Comic books began as light-hearted entertainments for children, but they have become a medium that achieves a wide variety of artistic effects and that appeals to people of all ages. The publications originally were comic in that they were humorous and satiric, but as the medium caught on, it was used to tell other kinds of stories: mystery, Westerns, romance, horror, biography, science fiction, and war heroism. The archetypal figure of the superhero, although it owes a lot to mythical characters such as Hercules, entered the modern imagination through comic books.

Comic books have been used in educational settings to communicate with reluctant readers but also have spun off a subgenre, the graphic novel, that strives for the depth and complexity of literature. Some work in the field has attracted the interest and investments of serious art collectors.

Like other publishing industries, this one consists of three major components: the creative team, the production team, and the distribution network. The creative team consists mainly of writers, artists, and editors. The production team handles printing or, for digital platforms, rendition of the image files in an appropriate format. The distribution network includes market researchers, advertisers, sales workers, the distributors who deliver the printed products to comics stores and bookshops, and the Web sites where digital comic books can be purchased for download.

According to estimates by Comichron and ICv2's Internal Correspondence, the North American comic book market sales totaled about $935 million in 2014 for periodical comic books, graphic novels, and digital comics, which was a 7 percent increase over 2013. Digital comics, the fastest growing market segment, represented about $100 million in sales in 2014, an 11 percent increase compared to the previous year. Graphic novels sales grew from $170 million in 2013 to $175 million in 2014. There is also a foreign market for American comic books; for example, sales in the United Kingdom usually equal about 10 percent of North American sales.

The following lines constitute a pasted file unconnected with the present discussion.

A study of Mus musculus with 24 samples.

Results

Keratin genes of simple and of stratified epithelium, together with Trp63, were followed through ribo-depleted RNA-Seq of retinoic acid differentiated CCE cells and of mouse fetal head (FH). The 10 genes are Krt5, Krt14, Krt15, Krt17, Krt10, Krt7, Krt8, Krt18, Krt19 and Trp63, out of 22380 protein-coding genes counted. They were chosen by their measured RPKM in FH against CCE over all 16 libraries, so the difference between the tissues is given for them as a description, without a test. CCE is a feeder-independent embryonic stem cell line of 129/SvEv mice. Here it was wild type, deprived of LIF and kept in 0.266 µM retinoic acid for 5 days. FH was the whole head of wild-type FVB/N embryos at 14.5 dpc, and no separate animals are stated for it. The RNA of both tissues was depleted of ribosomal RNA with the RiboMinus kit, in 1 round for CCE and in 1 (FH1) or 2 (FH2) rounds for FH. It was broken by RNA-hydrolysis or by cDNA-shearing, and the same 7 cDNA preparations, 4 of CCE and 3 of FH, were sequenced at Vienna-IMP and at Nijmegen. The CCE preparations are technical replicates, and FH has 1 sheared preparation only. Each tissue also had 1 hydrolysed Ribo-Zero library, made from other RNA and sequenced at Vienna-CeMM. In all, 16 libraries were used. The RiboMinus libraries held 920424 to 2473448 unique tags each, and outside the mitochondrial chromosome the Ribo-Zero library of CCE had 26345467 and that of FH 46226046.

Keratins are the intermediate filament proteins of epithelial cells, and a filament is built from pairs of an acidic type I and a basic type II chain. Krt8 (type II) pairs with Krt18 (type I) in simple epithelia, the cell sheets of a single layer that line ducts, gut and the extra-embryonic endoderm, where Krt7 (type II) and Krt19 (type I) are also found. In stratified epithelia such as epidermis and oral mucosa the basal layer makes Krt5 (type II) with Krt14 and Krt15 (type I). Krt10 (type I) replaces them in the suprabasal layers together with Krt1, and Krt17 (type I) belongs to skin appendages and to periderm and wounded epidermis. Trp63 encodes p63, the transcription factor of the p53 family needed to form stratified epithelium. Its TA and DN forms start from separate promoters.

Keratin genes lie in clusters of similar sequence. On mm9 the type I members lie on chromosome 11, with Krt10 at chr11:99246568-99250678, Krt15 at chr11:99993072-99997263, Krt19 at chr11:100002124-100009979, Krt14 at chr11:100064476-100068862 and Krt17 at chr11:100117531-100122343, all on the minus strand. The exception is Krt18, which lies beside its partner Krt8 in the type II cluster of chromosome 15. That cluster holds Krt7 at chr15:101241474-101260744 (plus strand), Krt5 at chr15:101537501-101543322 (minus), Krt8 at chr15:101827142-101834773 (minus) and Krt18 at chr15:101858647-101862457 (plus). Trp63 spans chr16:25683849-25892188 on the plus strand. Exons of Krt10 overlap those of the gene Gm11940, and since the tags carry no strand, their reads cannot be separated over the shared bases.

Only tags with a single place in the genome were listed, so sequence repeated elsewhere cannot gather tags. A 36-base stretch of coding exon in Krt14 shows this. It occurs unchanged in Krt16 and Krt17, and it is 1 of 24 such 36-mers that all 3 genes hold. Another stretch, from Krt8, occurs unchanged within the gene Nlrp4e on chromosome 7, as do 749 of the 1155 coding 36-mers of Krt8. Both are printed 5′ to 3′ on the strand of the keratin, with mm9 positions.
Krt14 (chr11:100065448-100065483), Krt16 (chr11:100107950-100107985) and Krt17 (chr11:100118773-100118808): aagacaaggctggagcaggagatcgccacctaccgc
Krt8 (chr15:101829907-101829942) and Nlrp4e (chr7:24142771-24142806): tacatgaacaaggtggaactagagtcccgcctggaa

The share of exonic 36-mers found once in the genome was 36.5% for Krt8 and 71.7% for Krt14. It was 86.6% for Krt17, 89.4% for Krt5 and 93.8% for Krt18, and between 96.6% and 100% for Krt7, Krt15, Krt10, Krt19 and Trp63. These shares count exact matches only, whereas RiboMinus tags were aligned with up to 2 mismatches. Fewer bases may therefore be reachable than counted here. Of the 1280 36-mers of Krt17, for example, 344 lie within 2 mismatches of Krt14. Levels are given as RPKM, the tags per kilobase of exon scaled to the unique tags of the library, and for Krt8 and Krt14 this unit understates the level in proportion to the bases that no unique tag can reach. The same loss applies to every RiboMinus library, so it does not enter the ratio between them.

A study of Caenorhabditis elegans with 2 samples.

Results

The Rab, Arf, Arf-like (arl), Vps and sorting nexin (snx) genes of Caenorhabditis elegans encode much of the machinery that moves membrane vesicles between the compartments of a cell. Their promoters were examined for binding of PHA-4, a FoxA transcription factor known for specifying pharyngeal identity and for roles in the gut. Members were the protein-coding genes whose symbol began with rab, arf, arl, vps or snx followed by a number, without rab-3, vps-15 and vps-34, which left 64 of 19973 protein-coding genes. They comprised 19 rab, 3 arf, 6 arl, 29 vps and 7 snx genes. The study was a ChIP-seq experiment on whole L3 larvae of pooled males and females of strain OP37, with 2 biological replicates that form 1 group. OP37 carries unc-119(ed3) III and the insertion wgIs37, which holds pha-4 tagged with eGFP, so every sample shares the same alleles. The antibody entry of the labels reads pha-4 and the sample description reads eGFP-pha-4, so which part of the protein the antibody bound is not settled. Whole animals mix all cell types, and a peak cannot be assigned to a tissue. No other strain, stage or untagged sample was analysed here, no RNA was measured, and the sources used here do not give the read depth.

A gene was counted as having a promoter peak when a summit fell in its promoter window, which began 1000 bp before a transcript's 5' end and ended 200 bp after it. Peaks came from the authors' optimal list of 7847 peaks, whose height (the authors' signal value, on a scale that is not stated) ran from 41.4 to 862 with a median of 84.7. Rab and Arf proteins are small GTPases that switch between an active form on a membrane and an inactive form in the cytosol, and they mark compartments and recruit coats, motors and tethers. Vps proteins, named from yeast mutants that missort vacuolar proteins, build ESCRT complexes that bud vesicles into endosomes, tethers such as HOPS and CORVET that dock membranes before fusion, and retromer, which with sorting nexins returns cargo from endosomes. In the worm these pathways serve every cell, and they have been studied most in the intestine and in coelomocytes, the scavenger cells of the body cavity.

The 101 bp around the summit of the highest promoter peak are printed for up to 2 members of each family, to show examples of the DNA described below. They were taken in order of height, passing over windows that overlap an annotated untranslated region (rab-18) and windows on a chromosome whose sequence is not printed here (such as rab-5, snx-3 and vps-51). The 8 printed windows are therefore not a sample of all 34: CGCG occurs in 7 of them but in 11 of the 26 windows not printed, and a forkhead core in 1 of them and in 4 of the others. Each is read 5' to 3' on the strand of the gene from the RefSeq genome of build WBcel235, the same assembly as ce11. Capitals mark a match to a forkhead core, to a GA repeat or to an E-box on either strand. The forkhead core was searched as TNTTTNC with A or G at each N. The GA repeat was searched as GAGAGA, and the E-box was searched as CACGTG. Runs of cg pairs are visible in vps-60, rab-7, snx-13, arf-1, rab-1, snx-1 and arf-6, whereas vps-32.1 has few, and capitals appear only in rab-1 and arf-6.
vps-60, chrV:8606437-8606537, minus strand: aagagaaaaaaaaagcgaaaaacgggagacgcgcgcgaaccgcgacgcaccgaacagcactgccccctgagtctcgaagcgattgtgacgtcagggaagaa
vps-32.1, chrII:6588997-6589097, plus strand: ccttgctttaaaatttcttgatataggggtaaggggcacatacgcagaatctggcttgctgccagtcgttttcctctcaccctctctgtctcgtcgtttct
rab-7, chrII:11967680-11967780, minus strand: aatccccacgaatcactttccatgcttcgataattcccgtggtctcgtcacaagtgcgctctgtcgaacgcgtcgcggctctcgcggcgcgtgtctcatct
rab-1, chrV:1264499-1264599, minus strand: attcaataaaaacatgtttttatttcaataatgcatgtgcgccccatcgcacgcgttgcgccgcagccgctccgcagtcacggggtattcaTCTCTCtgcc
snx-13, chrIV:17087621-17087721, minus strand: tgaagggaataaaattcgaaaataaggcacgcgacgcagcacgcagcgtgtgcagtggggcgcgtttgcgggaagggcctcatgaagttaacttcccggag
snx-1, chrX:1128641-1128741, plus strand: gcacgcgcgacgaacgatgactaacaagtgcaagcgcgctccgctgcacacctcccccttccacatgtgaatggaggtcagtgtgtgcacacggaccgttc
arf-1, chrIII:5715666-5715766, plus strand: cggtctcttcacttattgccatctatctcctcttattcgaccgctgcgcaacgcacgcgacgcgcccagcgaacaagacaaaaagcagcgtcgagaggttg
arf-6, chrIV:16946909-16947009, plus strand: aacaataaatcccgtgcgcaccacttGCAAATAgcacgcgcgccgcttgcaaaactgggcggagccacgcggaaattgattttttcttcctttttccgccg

A small but intense market exists for vintage comic books. Historic first editions, such as the issue of Action Comics that introduced Superman, can sell for more than $1 million. Collectors have traditionally bought and sold at comics stores, but auctions and Web-based sales have become common.

The industry benefits from the use of characters licensed from other media, such as tie-ins with characters from popular children's animated television shows. However, the industry also derives a great amount of revenue from the opposite direction: Through licensing or sales, publishers grant other businesses the right to use popular characters as toys or in movies, television shows, or video games. The Avengers, Superman, the Teenage Mutant Ninja Turtles, and G.I. Joe are some examples.